07/28/2006 09:50 pm ET Updated May 25, 2011

The Long View of Israel's War Looks Dark

Richard Armitage is the latest foreign policy establishment type to question the logic, or subsequent lack thereof, of Israel's war on Hezbollah and Lebanon (Zbigniew Brezezinski and Bill Clinton have already weighed in with unusually strident criticism of Israel's bombing campaign). Here is the salient part of Armitage's remarks:

"If I thought that this air campaign would work, and would eliminate Nasrallah and the leadership of Hezbollah, I think it would all be fine. But I fear that you can't do this from the sky, and that you're going to end up empowering Hezbollah, and perhaps introducing an element into the body politic in Lebanon that will take some great period of time to recover from."

The long term implications of Israel's war will further weaken prospects for stability in the region if Israel retreats from Lebanon without a decisive victory. And that appears likely, given that the IDF isn't likely to dig in for a long war and even if they do, they may not emerge victorious anyway. So why does Israel need to deal Hezbollah a quick death blow? The answer lies not in Lebanon, but in the Palestinian territories, where Hamas and Islamic Jihad are viewed as sisters to Hezbollah. Moderate, secular groups like Tanzim and Fatah are worried that a Hezbollah success could further marginalize them in the eyes of the Palestinian public. Check out what a Tanzim leader told Ha'aretz yesterday:

"Stopping the fighting now would be interpreted as an Israeli defeat, which would immediately affect events here, especially in the Gaza Strip. The extremist organizations, Islamic Jihad and Hamas, will feel as if the victory were theirs, as will the Palestinian public - which equates Hezbollah with Hamas. The moderate Palestinian camp will face collapse if Hezbollah has the upper hand when this war is over. What will Abu Mazen [Palestinian Authority Chairman Mahmoud Abbas] be able to tell his people in the face of the achievements of [Hezbollah leader Hassan] Nasrallah or Hamas?"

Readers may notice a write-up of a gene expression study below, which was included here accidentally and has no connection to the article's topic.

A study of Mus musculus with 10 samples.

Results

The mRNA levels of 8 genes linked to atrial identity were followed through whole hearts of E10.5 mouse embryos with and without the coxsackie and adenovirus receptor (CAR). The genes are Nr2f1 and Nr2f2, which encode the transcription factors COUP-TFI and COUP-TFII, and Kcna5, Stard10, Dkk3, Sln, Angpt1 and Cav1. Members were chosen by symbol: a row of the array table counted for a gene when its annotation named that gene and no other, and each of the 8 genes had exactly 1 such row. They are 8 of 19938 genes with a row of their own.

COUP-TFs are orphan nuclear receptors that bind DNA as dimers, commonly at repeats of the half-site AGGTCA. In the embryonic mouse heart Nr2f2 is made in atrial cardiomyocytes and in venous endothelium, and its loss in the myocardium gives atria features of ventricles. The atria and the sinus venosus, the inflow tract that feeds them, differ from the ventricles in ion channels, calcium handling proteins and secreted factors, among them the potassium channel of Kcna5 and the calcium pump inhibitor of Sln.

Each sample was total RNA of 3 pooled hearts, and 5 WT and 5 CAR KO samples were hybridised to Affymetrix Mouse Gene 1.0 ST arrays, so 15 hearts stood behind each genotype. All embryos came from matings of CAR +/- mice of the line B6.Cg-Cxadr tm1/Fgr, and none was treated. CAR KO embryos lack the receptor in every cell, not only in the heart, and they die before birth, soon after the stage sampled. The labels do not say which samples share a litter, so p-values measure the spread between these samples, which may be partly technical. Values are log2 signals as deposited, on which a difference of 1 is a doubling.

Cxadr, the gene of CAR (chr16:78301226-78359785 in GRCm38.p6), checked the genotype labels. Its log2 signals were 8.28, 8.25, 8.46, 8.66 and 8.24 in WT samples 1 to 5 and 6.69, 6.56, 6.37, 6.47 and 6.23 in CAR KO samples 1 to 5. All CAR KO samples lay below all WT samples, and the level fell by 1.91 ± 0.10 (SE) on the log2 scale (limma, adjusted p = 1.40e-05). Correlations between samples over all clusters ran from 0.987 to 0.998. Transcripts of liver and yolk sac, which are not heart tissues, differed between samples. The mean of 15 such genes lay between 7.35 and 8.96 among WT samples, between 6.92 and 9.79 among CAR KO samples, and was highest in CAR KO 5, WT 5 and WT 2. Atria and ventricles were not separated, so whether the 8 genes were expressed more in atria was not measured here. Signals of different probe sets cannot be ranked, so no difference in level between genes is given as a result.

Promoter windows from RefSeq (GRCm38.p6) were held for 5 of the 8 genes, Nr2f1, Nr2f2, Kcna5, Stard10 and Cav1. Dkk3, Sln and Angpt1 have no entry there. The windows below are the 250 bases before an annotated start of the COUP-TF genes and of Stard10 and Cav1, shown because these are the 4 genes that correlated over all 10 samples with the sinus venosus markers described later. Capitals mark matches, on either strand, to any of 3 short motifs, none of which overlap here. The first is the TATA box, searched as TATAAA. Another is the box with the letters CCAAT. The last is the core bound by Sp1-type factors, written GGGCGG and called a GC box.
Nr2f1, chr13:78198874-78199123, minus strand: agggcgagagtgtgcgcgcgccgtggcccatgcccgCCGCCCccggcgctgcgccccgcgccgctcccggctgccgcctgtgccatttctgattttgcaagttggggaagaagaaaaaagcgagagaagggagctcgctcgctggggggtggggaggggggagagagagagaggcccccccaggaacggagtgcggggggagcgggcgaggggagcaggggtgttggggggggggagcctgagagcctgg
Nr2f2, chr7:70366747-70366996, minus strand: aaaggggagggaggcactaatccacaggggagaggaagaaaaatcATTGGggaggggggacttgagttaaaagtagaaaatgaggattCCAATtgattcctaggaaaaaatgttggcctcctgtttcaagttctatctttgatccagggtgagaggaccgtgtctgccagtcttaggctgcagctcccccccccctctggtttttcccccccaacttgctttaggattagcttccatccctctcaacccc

For too long, Bush and the neocons failed to distinguish between Tanzim, Fatah and Hamas, lumping secular Palestinian groups in with Hamas hardliners. Once their childish goal of spreading democracy in the Middle East came to the fore, they ignored Mahmoud Abbas' pleas for support. When Abbas needed to show the Palestinian public he could leverage his friendly US ties to stop an Israeli incursion into the territories, Bush was nowhere to help. Meanwhile, Israel jailed Marwan Barghouti, the only moderate figure with enough street credibility to challenge Hamas. Finally, at the eleventh hour, when Hamas appeared poised to sweep parliamentary elections, the administration threw its support behind the beleaguered Abbas. But it was too late -- Hamas swept into power. Now, with a Hezbollah military success, which would be anything other than total defeat, Hamas could consolidate its power for a generation. The short term implications of the war are horrific, but the long term scenario is looking even worse. As usual, Israel is radicalizing the Middle East. But the US hasn't always been so eager to assist them.